ESPN has a problem. It wants to be in the thick of things, to be part of every major debate pertaining to sports. But its commentators and analysts - rooted as they are in trade deadlines and X's and O's - can be loose cannons, occasionally getting in over their heads when pressed to address topics that go beyond their areas of expertise.
Stephen A. Smith - suspended for his remarks about domestic violence pertaining to the NFL's questionable action regarding Baltimore Ravens running back Ray Rice - is just the latest to engender controversy in one of these scenarios.
First, Smith awkwardly suggested that women can play a role in provoking situations of domestic violence. Then he began apologizing and seeking to clarify those remarks via Twitter. Then he went on air and apologized some more. And then ESPN still opted to discipline him.
But the channel can't really have it both ways. If the goal is to be provocative - and those participating in these free-for-alls are, inevitably, encouraged to be colorful and bicker - it only stands to reason people are occasionally going to say questionable or offensive things, especially when tackling hot-button political issues.
At this point, it's hard to keep track of all the flare-ups. There was basketball analyst Chris Broussard expressing his faith-based disapproval of homosexuality in relation to Jason Collins becoming the NBA's first openly gay player. Rob Parker was suspended for questioning quarterback Robert Griffin III's "blackness." Mike Ditka called Jonathan Martin a "baby," saying he wouldn't want to coach him, for the bullying accusations that resulted in the NFL acting against Miami Dolphins teammate Richie Incognito. Elsewhere, another former coach, Tony Dungy, created headaches for NBC Sports with his comments about Michael Sam.
And so it goes. Athletes are people, after all, and thus the stories about them can be as ugly and troubling as anything humanity can dredge up. But a channel that obsesses so relentlessly over what city LeBron James calls home is often ill-equipped to do a quick pivot and deal with matters that touch on harassment (workplace or sexual), gay rights or race.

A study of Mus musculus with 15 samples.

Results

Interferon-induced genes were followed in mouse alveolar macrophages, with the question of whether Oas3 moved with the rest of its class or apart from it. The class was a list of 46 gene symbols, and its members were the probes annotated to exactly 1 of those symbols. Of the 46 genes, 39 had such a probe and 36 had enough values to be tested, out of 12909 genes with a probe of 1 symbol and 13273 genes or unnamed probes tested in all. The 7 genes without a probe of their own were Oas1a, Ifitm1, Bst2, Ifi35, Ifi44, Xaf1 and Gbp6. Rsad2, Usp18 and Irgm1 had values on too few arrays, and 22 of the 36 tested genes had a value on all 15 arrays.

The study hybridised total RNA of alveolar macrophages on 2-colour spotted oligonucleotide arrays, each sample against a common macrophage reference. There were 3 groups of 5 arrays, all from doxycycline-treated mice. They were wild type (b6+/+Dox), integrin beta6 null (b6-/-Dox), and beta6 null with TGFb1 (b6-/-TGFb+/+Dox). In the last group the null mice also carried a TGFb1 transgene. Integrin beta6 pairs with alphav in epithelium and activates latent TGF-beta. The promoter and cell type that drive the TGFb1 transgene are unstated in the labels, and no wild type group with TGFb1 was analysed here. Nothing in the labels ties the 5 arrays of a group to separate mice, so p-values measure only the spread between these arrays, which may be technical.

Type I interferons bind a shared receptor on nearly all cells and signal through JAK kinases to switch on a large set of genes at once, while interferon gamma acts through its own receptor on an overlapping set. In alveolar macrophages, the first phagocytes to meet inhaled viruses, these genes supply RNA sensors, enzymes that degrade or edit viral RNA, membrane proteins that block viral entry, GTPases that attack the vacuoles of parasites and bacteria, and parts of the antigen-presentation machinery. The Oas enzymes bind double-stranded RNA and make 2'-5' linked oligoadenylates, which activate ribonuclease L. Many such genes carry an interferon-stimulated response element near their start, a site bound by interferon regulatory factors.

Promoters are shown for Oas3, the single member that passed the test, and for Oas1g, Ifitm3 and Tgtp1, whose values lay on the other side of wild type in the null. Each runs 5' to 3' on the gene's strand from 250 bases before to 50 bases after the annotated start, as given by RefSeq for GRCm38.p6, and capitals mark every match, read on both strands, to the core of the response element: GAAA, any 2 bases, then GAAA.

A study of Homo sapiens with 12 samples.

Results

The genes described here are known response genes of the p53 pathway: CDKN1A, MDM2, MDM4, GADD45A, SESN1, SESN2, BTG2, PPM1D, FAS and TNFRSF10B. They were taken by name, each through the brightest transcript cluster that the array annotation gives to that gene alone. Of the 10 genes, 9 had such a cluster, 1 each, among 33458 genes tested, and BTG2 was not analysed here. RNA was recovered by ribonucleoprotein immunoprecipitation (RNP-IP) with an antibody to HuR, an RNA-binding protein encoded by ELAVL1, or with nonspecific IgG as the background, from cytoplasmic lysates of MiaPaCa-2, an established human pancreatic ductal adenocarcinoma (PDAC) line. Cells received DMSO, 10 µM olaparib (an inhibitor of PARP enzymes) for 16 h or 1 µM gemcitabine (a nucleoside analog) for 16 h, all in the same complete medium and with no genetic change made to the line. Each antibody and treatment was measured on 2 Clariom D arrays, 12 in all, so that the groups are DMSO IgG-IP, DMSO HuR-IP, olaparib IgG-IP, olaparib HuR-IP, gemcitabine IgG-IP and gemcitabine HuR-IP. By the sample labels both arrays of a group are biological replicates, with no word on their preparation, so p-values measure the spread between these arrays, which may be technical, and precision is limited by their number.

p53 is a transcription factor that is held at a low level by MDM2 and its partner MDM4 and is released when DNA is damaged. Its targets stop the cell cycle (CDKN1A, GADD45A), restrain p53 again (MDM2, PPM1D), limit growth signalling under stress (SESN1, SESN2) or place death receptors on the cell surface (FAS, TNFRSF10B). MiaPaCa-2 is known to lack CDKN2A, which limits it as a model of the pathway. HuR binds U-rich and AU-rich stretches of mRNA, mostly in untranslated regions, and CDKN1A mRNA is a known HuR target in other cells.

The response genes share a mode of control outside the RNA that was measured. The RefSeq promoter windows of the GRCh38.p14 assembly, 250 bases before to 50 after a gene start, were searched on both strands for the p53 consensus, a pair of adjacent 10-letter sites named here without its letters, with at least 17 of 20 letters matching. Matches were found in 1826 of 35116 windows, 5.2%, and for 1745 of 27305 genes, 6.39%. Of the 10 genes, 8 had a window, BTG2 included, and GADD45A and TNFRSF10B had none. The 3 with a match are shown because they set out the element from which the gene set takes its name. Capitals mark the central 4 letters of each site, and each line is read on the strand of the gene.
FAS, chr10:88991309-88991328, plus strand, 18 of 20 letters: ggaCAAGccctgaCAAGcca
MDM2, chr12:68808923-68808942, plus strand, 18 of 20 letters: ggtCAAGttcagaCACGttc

ESPN has taken some steps to bolster its journalistic bona fides, from hiring Keith Olbermann - who, love him or hate him, has a background in covering news that goes well beyond the playing field - to columnist Jason Whitlock. For the most part, though, the network is too often left relying on whoever's available to cover the story of the moment - a prisoner, like virtually everyone else, of the vagaries of the 24-hour news cycle.
Corporate justice is never dispensed with complete uniformity in these instances, and one can argue till the cows come home about who made comments that merited a suspension and who didn't.
The bottom line, though, is that if ESPN continues to cover the breadth of sports in all its messy, complicated glory - and expects to do so by featuring people who spend most of their time preoccupied with the minutia of the game - well, let's just say the PR department should keep several versions of a boilerplate apology on file, just in case.